November 25, 2016
Lee Koonce has a vision. “We need a million black and Latino kids playing the violin,” he says. “And another million playing the cello. Two million, even.”
Koonce is the first person to hold a paid position with the Gateways Music Festival, its main goal being to support black classical musicians. The Eastman School of Music Dean Jamal Rossi, the University of Rochester and Gateways itself teamed up to create the new position.
“I think the miracle of the festival is it’s been operated by this extraordinary cast of volunteers, 30 to 40 de facto staff people,” Koonce says. “The miracle of Gateways is it has been able to thrive and survive.”
Since taking over as president and artistic director on July 1, Koonce has already resolved one issue with the nationwide festival, which the Eastman School of Music has played host to since 1997. As a once-every-two-years event, it was too easy for it to slip off of the radar. But with next summer’s festival, Aug. 8 through 13, Gateways becomes a yearly event.
“So much momentum is lost if you take a year off,” Koonce says.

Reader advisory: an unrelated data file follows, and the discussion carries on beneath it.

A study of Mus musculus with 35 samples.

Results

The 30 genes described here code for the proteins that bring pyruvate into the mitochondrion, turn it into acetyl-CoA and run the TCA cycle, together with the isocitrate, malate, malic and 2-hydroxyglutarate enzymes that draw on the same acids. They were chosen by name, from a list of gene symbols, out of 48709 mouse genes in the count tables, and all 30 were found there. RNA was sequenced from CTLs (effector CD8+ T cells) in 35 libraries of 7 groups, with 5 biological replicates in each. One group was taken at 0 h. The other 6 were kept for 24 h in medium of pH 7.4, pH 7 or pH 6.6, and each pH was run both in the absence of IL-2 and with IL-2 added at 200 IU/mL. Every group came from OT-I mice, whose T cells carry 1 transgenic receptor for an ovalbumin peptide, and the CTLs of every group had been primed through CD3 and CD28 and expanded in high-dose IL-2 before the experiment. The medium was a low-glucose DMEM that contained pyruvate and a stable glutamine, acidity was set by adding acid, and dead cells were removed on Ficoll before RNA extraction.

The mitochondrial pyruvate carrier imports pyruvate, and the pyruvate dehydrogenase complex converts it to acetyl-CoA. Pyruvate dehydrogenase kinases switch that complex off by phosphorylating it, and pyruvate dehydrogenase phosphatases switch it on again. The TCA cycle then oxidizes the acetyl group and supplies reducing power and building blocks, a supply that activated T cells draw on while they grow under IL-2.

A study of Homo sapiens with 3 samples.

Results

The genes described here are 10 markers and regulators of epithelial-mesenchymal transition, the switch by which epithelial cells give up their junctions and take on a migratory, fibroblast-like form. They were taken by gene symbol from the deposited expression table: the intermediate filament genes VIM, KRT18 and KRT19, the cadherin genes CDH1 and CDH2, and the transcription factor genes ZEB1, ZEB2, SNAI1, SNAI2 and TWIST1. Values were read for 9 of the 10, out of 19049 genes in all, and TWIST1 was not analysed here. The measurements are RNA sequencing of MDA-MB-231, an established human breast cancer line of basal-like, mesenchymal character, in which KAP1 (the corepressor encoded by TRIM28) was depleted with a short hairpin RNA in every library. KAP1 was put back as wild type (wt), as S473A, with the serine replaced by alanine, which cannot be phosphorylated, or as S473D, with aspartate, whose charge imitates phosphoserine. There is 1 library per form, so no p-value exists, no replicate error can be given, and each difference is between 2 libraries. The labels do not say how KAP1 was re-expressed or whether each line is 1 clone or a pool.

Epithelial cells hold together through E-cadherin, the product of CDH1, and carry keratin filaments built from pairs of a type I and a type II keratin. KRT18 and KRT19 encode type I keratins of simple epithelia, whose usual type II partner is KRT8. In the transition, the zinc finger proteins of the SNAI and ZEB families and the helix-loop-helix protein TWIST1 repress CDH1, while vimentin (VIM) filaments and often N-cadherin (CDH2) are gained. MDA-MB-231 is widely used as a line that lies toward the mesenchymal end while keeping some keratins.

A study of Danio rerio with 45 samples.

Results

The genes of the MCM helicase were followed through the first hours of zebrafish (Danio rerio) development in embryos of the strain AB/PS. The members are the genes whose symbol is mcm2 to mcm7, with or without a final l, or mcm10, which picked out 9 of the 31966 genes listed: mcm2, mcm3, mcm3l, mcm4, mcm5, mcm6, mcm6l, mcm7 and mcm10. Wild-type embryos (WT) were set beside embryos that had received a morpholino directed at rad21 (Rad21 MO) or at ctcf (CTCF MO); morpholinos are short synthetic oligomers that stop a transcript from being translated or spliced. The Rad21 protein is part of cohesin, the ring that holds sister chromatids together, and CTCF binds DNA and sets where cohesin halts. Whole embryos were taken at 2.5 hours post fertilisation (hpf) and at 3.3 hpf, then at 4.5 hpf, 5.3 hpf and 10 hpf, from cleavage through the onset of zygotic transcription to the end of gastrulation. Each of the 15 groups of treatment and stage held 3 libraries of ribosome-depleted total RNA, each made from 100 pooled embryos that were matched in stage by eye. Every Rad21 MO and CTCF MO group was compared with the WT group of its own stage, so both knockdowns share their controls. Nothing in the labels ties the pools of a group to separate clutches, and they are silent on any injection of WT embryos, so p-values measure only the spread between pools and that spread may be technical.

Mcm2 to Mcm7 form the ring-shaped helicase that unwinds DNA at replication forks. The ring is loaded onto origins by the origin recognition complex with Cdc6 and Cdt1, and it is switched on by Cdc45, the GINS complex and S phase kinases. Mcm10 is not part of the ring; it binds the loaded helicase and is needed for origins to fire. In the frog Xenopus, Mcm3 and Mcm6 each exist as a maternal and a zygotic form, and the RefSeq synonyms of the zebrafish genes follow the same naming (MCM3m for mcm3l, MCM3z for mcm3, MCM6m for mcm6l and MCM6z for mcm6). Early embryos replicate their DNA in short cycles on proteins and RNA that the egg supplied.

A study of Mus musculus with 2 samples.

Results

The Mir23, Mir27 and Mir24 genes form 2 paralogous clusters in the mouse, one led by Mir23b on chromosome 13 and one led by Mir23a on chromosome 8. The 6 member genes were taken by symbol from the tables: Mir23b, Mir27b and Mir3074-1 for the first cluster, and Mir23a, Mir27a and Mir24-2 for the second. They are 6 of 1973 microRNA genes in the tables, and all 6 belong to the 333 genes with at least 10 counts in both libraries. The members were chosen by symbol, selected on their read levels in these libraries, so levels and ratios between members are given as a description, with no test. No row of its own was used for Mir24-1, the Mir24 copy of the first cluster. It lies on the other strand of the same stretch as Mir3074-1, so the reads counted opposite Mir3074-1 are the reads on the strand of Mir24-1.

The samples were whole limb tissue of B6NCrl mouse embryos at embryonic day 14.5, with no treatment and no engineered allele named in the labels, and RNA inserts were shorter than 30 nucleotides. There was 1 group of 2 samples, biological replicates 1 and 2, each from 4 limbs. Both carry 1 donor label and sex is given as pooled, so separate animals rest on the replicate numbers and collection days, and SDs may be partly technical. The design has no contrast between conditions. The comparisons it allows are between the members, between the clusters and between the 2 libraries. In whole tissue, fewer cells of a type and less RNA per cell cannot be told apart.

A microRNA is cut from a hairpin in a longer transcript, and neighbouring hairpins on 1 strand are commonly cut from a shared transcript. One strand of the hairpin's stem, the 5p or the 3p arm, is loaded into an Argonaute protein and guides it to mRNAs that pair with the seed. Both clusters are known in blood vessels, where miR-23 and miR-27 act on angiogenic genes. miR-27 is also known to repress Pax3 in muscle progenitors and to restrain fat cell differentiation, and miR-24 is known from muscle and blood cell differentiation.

The Gateways Music Festival, which debuted 23 years ago in Winston-Salem, North Carolina, is a weeklong conference of talks, performances and networking. In 2015, the event drew 125 musicians, including “20 from major symphonic orchestras around the country, faculty members from conservatories or music schools, freelancers,” Koonce says.
Since 1997, he’s been one of the volunteers keeping Gateways going. Originally from Chicago, Koonce himself is a pianist, having earned his master's at the Eastman School of Music while here from 1986 through ’88. He’s held positions in New York City as executive director of Ballet Hispanico and Third Street Music School Settlement. Before that, he was director of community relations at the Chicago Symphony.
Koonce confesses his own playing has lapsed over the past three or four years as the business end of the music took over. He’s been exploring the possibility of returning to performing with some Rochester musicians, perhaps playing in a trio format. But he’ll still split his week between Rochester and New York City. “A large part of my job is fundraising,” he says, and the change is jingling on the pockets of Manhattan’s elites.
Strategic planning for the Gateways of the future is underway. “It’s clear to all of us that Gateways needs to and wants to have a presence in Rochester 12 months out of the year,” Koonce says. “How that takes shape, I’m not sure.”
Perhaps through a permanent ensemble playing shows in Rochester, he speculates. Or more involvement in the public schools. And, “How do we increase our national presence?” Koonce wonders.
Not only how does Gateways increase its national presence, but how do black classical musicians do it? Koonce cites statistics from the League of American Orchestras that says 1.7 percent of classical musicians are of African descent.